It doesn't take much effort to find the biggest theme of the Browns' 2023 draft class.
Just look at the height and weight of each of their seven draft picks.
Size mattered for the Browns in General Manager Andrew Berry's fourth draft in Cleveland, even though that wasn't necessarily the plan when their draft began with 74th overall pick. It started with 6-foot-3 WR Cedric Tillman and continued with their next two picks — the 335-pound DT Siaki Ika and the 6-foot-8, 374-pound OT Dawand Jones.
Just about every player the Browns picked from there had size as one of their biggest tools, and while choosing large players wasn't a main piece of the Browns' pre-draft planning, Berry will take the extra weight with the hopes of building a more powerful football team.
"Even though we drafted some bigger bodies, it's not just like they're big guys that can't move," he said. "That's something that we will always prioritize because I do think the NFL is becoming more and more of a space game."
Check out exclusive photos from Browns third round picks Cedric Tillman and Siaki Ika's first visits to CrossCountry Mortgage Campus
Each player the Browns picked at the beginning of their draft class could have a chance to put their size to good use as a rookie.
For Tillman, the expectation will be to become a big, reliable weapon for QB Deshaun Watson. Tillman is the tallest receiver at the top of the Browns' depth chart and showed at Tennessee that he knows how to use it to his advantage.
Expect Tillman to box out plenty of defenders over his Browns career. He can be a dependable jump-ball target in the red zone, too, and adds the finishing touches on a receiver room that also welcomed two speedsters this offseason in Elijah Moore and Marquise Goodwin.
"I think (size) makes a big difference, honestly," Tillman said. "One on one, balls in the air, having my body, it's easy for me to box guys out. Also, in the blocking game, a lot of guys can't go toe-to-toe with me and when I have the ball in my hands. A lot of corners and safeties don't want to tackle me. I know that, and I just use it to my advantage."
Ika, meanwhile, will have a chance to use his weight to carve a potential starting job in the Browns' defensive tackle rotation, and his talents as a run-stuffing defensive tackle could lead him to be a player new defensive coordinator Jim Schwartz looks to use on non-passing downs. Ika is able to maneuver around the trenches well despite his heavy frame, which was arguably the most impressive skill the Browns saw in him.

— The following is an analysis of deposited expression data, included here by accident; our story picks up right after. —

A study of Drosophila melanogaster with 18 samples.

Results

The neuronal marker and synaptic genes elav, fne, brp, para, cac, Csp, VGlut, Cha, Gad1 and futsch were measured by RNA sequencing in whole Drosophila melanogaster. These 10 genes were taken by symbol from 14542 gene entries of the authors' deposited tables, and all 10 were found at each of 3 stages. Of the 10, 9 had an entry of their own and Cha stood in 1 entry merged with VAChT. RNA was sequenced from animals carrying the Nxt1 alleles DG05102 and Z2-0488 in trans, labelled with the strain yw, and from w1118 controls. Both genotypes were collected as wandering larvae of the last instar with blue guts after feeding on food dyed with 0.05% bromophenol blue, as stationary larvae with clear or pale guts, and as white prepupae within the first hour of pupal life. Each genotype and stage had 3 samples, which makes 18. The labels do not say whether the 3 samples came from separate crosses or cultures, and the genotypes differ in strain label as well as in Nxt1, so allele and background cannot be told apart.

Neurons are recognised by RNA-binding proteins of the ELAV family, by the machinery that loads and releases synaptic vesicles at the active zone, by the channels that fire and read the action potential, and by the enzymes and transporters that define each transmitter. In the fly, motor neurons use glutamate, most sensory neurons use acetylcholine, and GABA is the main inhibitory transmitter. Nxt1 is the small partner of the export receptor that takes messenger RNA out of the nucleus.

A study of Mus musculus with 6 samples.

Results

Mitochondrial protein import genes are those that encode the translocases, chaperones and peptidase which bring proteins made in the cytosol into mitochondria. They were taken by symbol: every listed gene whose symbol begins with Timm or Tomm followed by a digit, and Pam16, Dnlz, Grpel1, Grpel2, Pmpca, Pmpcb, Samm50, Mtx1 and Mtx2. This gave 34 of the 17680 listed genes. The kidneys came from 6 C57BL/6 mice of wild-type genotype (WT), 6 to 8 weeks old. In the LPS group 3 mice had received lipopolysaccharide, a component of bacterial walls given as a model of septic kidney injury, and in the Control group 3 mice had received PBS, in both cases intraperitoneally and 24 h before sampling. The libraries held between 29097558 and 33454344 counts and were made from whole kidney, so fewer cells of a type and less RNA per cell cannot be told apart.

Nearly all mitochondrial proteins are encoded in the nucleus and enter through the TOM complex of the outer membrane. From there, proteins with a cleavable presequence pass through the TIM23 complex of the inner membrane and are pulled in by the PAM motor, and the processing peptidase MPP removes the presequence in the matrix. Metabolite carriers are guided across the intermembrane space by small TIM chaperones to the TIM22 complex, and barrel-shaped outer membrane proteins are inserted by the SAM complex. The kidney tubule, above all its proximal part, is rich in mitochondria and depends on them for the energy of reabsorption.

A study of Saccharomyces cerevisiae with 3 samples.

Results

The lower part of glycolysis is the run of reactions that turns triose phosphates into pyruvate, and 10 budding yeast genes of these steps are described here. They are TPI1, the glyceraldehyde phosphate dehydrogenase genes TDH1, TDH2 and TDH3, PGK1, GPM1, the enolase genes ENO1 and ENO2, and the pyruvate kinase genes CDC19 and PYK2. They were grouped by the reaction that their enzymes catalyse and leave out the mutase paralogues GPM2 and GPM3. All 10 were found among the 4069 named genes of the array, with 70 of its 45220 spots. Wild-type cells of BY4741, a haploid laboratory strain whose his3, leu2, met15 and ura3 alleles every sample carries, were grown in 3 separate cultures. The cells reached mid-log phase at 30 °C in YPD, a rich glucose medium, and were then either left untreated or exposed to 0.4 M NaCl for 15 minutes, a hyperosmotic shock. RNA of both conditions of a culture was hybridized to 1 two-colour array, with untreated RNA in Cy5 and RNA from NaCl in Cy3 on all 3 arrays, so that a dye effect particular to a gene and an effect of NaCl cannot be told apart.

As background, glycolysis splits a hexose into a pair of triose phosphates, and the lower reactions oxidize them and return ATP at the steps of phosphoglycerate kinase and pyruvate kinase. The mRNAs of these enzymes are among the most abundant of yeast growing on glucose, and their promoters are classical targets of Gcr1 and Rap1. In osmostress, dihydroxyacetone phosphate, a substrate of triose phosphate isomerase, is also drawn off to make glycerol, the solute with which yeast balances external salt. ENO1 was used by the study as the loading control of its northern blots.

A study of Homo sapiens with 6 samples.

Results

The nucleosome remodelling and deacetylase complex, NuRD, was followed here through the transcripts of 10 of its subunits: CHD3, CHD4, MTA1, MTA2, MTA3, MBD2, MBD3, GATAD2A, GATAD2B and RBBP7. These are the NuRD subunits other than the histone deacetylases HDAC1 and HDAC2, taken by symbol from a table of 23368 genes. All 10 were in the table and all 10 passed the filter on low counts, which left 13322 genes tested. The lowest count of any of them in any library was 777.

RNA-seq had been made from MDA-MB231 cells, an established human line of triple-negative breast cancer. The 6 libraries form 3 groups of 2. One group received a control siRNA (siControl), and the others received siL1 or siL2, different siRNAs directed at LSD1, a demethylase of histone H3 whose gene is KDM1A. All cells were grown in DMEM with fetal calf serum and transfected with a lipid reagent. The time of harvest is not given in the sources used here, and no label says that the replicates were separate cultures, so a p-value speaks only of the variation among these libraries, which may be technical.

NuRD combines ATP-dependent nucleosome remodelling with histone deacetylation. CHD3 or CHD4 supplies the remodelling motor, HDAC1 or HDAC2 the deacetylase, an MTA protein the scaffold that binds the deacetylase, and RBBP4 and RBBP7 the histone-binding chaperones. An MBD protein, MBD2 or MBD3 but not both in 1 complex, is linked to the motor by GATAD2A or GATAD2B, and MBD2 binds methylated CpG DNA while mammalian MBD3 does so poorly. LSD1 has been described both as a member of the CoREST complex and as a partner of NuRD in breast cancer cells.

Schwartz told Ika in his video call after he was drafted that he wanted to turn him from "dump truck to a Ferrari." Ika candidly said Saturday that he wasn't quite sure what that meant, but Berry provided some clarity in his post-draft press conference.
"It means that he no longer has the two-gap (technique)," he said. "He just has to get up the field and disrupt, get off the ball, get off the ball, get off the ball, as opposed to just build a stone wall and hold up the offensive line."
With Jones, the Browns will be able to take a bit more of a patient approach. He won't be needed to step into a more immediate role with LT Jedrick Wills Jr. and RT Jack Conklin holding the starting jobs, but he could become a quality backup option if he shows he can use his gargantuan size to fend off edge rushers of all shapes and sizes in the NFL.
"He's not just big, he's human-orca big," Berry said. "I just don't think you really see people with that size and that movement ability."
None of the other four players in the draft class are shorter than 6-feet tall.
Fourth-round DE Isaiah McGuire is 6-foot-4 and used his big frame to become the sack leader at Missouri in each of the last two years. Fifth-round pick QB Dorian Thompson-Robinson (6-foot-1), fifth-round pick CB Cameron Mitchell (6-feet) and sixth-round pick C Luke Wypler (6-foot-2) all play positions where a tall frame is almost a necessity.
"It's really how the boards fall," Director of Player Personnel Dan Saganey said after Jones and McGuire were selected. "We're very active with trade calls and, really, we're trying to take the best consensus players that we can with our coaching staff, with our scouting staff and with football research. We feel with the way things have fallen, we're very happy with."
The Browns will learn more about how all of their rookies use their size to their advantage on May 12. That's when rookies will be on the fields at CrossCountry Mortgage Campus for the first time for rookie minicamp, which runs until May 14.
Perhaps then, the core theme of the draft class will be look even more evident — size matters.
"If you have big, athletic players at any position group," Berry said, "you'll take them."